KNOXVILLE, Tenn. — A zebra died Saturday after colliding with a fence at a Tennessee zoo, officials said.
According to a Facebook post from Zoo Knoxville, Lydia, a 7-year-old Hartmann’s mountain zebra, died from her injuries.
Zoo spokesperson Tina Rolen told WVLT-TV that first responders were called to an area in front of the zebra habitat after a person was having a medical emergency. An ambulance was summoned but did not turn on its siren because zoo officials were concerned that the animals might react.
Officials originally were going to move the zebras from the area but changed their minds after the animals appeared to be calm, the Facebook post stated.
However, eight minutes after the ambulance left the area, Lydia bolted and ran into a containment fence, WBIR-TV reported.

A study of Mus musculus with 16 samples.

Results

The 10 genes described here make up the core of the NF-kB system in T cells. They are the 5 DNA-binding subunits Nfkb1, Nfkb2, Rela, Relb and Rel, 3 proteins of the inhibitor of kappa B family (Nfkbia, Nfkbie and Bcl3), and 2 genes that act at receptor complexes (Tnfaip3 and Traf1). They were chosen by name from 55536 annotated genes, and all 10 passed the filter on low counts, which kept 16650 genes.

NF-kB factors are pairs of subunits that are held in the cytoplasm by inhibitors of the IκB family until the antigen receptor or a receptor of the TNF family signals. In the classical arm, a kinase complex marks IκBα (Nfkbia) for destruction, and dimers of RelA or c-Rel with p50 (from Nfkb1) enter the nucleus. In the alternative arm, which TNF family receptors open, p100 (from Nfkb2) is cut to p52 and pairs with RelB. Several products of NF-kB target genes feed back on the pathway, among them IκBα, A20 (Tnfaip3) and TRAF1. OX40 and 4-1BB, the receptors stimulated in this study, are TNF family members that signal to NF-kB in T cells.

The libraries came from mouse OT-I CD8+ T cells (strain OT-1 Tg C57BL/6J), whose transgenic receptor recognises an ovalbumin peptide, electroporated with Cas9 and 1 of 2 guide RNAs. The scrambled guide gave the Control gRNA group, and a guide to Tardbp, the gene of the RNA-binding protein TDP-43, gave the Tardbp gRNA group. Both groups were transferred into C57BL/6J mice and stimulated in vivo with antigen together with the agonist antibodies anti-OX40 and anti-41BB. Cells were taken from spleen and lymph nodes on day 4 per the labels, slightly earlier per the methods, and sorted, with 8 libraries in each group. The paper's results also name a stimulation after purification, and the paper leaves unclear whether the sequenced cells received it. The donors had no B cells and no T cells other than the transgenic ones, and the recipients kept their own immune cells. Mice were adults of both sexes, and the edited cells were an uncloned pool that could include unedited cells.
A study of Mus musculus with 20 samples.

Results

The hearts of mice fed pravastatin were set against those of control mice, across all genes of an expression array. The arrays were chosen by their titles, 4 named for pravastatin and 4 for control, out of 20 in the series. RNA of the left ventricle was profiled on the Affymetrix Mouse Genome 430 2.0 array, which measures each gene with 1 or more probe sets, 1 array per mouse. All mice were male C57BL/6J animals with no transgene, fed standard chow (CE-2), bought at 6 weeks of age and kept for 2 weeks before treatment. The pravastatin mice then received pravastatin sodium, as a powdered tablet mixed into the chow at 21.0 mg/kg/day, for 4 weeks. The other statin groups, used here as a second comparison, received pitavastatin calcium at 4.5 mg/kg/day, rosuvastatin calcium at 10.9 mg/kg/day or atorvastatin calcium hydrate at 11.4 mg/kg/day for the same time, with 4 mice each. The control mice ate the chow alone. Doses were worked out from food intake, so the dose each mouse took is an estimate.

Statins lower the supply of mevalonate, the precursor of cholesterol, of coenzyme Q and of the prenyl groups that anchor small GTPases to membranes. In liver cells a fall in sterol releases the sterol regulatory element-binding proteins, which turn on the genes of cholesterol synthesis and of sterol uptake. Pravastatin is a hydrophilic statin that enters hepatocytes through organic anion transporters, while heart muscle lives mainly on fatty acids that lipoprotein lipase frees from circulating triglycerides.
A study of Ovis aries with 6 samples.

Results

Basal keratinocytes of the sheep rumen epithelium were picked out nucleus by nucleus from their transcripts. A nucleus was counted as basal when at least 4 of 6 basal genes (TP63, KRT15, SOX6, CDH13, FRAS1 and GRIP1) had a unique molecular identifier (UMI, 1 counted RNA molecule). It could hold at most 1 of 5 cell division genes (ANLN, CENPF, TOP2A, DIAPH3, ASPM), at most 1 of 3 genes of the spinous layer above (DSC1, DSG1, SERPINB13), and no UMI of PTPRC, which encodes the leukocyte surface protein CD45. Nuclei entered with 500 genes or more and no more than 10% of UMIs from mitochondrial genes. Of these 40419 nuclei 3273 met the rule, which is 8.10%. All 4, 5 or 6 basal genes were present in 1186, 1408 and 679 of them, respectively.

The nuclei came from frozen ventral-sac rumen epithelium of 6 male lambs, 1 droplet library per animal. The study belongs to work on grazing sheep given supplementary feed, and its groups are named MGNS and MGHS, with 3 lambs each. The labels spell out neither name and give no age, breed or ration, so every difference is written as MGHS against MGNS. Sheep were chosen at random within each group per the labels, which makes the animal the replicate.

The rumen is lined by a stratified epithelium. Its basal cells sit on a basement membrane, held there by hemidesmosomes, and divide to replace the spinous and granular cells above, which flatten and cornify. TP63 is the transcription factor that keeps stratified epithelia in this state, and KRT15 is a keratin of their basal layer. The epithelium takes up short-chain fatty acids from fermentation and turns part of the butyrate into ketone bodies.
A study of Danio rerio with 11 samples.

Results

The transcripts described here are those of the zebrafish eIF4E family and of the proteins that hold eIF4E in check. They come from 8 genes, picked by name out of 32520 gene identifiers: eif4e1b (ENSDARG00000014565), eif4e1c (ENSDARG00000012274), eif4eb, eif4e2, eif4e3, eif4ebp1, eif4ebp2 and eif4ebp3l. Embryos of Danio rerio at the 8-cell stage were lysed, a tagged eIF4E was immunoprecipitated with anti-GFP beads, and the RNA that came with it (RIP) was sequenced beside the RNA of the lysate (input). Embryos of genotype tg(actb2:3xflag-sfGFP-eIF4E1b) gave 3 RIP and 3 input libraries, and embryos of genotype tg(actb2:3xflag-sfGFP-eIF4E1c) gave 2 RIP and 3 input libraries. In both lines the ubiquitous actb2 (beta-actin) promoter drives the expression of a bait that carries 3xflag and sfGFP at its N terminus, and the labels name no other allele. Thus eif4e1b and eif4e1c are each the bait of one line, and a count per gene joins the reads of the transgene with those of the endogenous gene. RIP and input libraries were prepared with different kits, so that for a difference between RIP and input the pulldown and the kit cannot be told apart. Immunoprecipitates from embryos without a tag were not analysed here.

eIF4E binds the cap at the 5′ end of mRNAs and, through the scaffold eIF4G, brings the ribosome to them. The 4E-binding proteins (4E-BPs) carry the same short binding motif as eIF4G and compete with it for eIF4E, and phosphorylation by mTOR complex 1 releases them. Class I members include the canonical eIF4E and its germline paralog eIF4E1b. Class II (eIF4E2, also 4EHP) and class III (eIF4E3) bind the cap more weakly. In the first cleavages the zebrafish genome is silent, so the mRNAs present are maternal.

Zoo staff members immediately began moving the other zebras into a corral so they could approach Lydia, the Facebook post stated. However, the animal was dead when officials reached her.
Preliminary necropsy results showed that Lydia died immediately due to neck trauma.
“Our top priority is the safety of our guests, employees, and animals. We regularly drill for emergencies to be prepared for every conceivable scenario to ensure positive outcomes. Sadly, despite all our efforts yesterday to care for our people and our animals we had a tragic accident occur,” Lisa New, president and CEO of the zoo, said in a statement. “While we did everything we could to balance the need for emergency treatment for our employee and keeping our zebra stable in the process, we were still dealing with wild animals that reacted as such. As you can imagine, this is a very difficult situation for everyone and we appreciate the compassion our guests showed us as this unfolded yesterday.”
Lydia was one of four mountain zebras in the zoo’s herd, WATE-TV reported. She came to the zoo in April 2018, according to the television station.
It was not the first time a zebra died after crashing into a fence. In 2021, Wiley, a 5-year-old female, collided with a corral fence while being prepared for a veterinary procedure, zoo officials said.